Trump close to first presidential scandal before even swear oath
Trumps Must Give Up Personal Profits For State Affairs
Donald Trump isn’t even president yet, and he’s pushing the United States toward the first constitutional crisis of his presidency. Sadly, I predict it won’t be the last.
I’ll say it flat out: He needs to divest himself of the Trump Organization. Not just hand it off to his kids or put it in blind trust.
He needs to sell it off.
Everything. Lock stock and barrel.
And yes, his name needs to come off all those Trump towers around the world.
His kids need to walk away from everything their father built. They have to leave the nest and fly on their own. It’s a high price to pay, but it’s a price Trump unwittingly committed his family to when he ran for, and was elected, president.
He is no longer Donald Trump of the Trump Organization. He is president of the United States. His wife, Melania, is no longer the head of a fashion line; she’s first lady of the United States.
It’s slightly different for the kids. Let Invanka sell her jewelry under her own name. Let Donald Jr., Tiffany, Eric and, eventually, Barron hawk their wares under their own names, but there can be no Trump-branded hotels in foreign countries.
But if Trump’s children insist on being involved in public affairs as ambassadors for their father, they need to either go all in and become federal employees – and sell or close their businesses – or stay the hell out of the Oval Office.
There has to be distance between the public’s business and the Trumps’ businesses.
The Donald’s mixing of private and public business – as evidenced by his recent discussion of diplomacy and real estate in the same phone call with Turkish President Recep Tayyip Erdoğan – shows how clueless Trump is to the concept of governmental ethics. But we knew that, right?
Having Ivanka, marketing director of the Trump Organization, at his side while meeting with Japanese Prime Minister Shinzo Abe was further evidence of his willingness to blur whose interests are being pursued.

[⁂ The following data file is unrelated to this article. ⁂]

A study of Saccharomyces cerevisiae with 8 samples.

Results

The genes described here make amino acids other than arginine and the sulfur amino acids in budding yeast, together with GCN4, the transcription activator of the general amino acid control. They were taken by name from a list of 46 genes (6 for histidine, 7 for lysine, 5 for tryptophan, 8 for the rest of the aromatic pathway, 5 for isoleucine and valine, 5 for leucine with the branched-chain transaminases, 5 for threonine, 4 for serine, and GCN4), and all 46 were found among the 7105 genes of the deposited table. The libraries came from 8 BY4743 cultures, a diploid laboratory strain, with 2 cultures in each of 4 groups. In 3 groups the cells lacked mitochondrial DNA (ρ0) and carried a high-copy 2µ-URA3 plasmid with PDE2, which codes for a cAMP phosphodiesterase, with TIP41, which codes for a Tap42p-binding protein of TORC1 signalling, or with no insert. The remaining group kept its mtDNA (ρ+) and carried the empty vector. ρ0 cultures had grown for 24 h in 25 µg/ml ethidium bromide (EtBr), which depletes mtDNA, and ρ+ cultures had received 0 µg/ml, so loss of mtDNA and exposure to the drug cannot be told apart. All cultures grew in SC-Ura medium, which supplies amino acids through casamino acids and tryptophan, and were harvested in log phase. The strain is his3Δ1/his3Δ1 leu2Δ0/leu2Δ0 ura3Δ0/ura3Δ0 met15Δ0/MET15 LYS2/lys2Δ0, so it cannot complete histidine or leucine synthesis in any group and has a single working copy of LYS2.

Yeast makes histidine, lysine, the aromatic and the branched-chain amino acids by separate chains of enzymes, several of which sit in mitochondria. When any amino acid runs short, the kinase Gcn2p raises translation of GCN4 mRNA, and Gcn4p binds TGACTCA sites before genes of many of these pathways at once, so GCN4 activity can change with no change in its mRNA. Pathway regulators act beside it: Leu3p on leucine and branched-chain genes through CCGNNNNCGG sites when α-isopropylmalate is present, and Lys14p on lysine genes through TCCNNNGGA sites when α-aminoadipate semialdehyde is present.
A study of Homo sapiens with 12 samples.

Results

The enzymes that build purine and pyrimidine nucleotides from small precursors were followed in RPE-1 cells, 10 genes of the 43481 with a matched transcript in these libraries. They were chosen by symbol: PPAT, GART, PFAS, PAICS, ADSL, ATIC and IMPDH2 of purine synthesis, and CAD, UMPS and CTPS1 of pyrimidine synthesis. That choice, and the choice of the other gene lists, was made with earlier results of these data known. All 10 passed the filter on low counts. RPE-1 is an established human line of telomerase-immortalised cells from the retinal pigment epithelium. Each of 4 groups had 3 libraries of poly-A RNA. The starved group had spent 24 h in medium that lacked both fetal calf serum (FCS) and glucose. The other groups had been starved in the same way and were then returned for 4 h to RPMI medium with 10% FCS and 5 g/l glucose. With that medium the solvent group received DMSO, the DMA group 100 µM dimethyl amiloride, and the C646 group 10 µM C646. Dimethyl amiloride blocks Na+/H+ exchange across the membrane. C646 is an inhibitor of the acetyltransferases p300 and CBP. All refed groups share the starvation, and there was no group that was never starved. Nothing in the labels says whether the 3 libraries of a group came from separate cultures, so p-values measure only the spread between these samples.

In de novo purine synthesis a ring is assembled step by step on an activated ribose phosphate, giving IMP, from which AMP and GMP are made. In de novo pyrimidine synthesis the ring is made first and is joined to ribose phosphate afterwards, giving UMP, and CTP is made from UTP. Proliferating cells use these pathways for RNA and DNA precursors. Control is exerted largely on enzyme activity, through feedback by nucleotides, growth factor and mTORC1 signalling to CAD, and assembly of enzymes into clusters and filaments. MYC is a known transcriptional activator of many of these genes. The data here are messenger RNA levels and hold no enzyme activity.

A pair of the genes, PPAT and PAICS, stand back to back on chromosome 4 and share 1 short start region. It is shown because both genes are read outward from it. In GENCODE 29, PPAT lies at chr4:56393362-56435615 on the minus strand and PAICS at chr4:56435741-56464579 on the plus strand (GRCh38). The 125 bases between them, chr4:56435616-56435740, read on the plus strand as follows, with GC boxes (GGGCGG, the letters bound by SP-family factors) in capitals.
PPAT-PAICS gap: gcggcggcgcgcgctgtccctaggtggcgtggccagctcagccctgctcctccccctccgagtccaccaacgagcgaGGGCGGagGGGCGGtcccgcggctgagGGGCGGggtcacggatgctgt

The president of the United States is exempt from the Governmental Ethics Act, but the founders recognized from the birth of the Republic that the president should be beholden to no one except the people of the United States. Hence this clause (8) in Article I, Section 9, of the U.S. Constitution:
“No Title of Nobility shall be granted by the United States: And no Person holding any Office of Profit or Trust under them, shall, without the Consent of the Congress, accept of any present, Emolument, Office, or Title, of any kind whatever, from any King, Prince, or foreign State.”
That’s why Trump must sell. There is no way Donald Trump can constitutionally profit from the Trump Organization’s foreign holdings without violating the Emoluments Clause of the U.S. Constitution. Diplomats staying at the Trump International Hotel down Pennsylvania Avenue from the White House would be chump change compared to the impropriety of Trump’s name staying on hotels on the Trump Towers Istanbul, or his daughter negotiating deals with Japanese officials, or his son inking branding agreements in India.
The Turkish example says it all: Trump rants against Muslims, leading Erdoğan to demand that the Trump name be removed from the Istanbul towers. Then they have a phone call in which Trump passes on praise for Erdoğan from Trump’s Turkish business partner in the Istanbul towers and, viola, Erdoğan retracts his call for the Trump name to come down.
The Trump organization must cease to exist as an entity. Otherwise, we start down the road of the oligarchs of Russia who routinely, immorally and corruptly, mix business, bribery and governing. Allowing that would leave a lasting stench in the White House that could never be removed.